Addressing violent extremism requires more than police simply knowing about the signs of radicalisation. AAP/Mick Tsikas

Police can play a greater role in community-based efforts to tackle radicalisation

Much has been said about the role of families and Muslim communities in preventing youth radicalisation, and that it should not be seen solely as a policing problem. This is true. But police should continue to play an important part in community-based efforts to tackle radicalisation and violent extremism.

Police as a contact point

As some recent cases involving young Muslims highlight, family members are often unaware of their child’s behaviour or beliefs, or that extremists online are encouraging them to undertake acts of violence or travel to Syria. Muslim leaders and imams can similarly be caught unaware.

Police can therefore often be the first contact point with radicalised youth. This may occur when members of the public tip off police or when youth come to police attention through surveillance and online monitoring.

It is at this point that police can act to trigger community resources by engaging with relevant leaders, agencies and other third parties to help disengage and divert Muslim youth from a more deadly extremist pathway. But this requires a rethink on the part of police relating to their counter-terrorism role.

UK research shows that Muslim communities that are classified as at high risk of violent extremism exhibit low confidence in police and don’t perceive the police to be legitimate. The study’s authors conclude that targeting police resources at areas with Muslim communities that have low confidence in police can be an important evidence-based approach to tackling violent extremism.

While the causes of violent extremism and radicalisation are complex, the results of this UK research illustrate that police engagement with Muslim communities and the building of trust are important for tackling risks associated with radicalisation. My research shows this to be the case in Australia, too. When police use procedural justice in engaging with Muslim communities, Muslims are more likely to want to co-operate with police in counter-terrorism efforts.

We also found that when Muslims trust police and judge police as using procedural justice, they are less likely to feel under siege and to believe that terrorists have valid grievances.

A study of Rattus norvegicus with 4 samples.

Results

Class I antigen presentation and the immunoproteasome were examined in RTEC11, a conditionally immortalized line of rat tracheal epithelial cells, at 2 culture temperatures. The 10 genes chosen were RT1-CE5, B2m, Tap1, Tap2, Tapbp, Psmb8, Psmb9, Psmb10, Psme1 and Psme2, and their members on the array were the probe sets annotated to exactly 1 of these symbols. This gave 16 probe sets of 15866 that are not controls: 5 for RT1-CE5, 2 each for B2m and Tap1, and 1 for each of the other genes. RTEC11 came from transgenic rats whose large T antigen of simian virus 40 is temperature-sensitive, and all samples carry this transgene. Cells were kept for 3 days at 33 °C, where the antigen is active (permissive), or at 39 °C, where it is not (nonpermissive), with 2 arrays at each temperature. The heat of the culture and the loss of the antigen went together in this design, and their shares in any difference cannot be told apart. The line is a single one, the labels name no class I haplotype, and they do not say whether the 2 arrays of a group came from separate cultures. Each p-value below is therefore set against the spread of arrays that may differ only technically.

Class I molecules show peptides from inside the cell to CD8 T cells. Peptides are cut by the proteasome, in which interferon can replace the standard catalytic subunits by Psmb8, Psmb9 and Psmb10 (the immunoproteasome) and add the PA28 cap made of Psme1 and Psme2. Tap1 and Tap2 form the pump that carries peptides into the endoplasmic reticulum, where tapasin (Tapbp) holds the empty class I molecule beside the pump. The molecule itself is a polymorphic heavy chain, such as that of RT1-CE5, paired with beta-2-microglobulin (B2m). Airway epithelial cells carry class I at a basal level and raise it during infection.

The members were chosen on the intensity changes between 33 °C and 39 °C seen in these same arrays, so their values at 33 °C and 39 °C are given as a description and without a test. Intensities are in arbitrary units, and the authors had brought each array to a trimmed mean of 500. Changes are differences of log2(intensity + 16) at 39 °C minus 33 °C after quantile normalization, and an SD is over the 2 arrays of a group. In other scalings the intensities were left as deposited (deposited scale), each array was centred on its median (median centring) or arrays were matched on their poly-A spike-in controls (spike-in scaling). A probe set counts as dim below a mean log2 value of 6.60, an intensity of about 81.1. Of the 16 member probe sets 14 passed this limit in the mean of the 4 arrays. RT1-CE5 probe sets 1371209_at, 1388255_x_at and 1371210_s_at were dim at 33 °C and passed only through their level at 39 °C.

What Australia is doing now, and what next

There are a number of good examples of police engagement efforts in Australia.

While it is often argued that we rarely hear about the concerted efforts that dedicated Muslim leaders and community members are making to tackle radicalisation, the same applies to the police. But, the Australian Federal Police (AFP) has a small unit dedicated to community liaison. These liaison officers engage with Muslim communities to help build better relations.

I have completed interviews with members of the AFP community liaison team. These officers talk about undertaking a whole range of engagement activities, including:

  • attending events celebrating the end of Ramadan;

  • helping community groups and mosques access funding for local projects;

  • educating counter-terrorism investigators about Islam;

  • undertaking community consultations following major counter-terrorism operations; and

  • engaging with Muslim youth to hear their concerns.

What is particularly important about the AFP community liaison team’s work is that members do not seek to elicit information or gather intelligence from Muslims about extremism or suspected radicalised individuals. Doing so is seen as risking their engagement work. Rather, the voluntary provision of intelligence is a byproduct of good community engagement.

When community engagement simply masquerades as intelligence gathering, this can undermine community trust and co-operation.

Tackling violent extremism requires more than police simply knowing about the signs of radicalisation. It also requires police to understand good principles of engagement, which will be essential to building effective partnerships with Muslim communities to prevent radicalisation and extremism.

Research shows that police and Muslim communities face challenges when working in partnership. The ability of police to overcome the suspicion and distrust that Muslim communities have towards authorities is important. Police training and education about the types of engagement methods that are most effective are essential. These challenges are not insurmountable.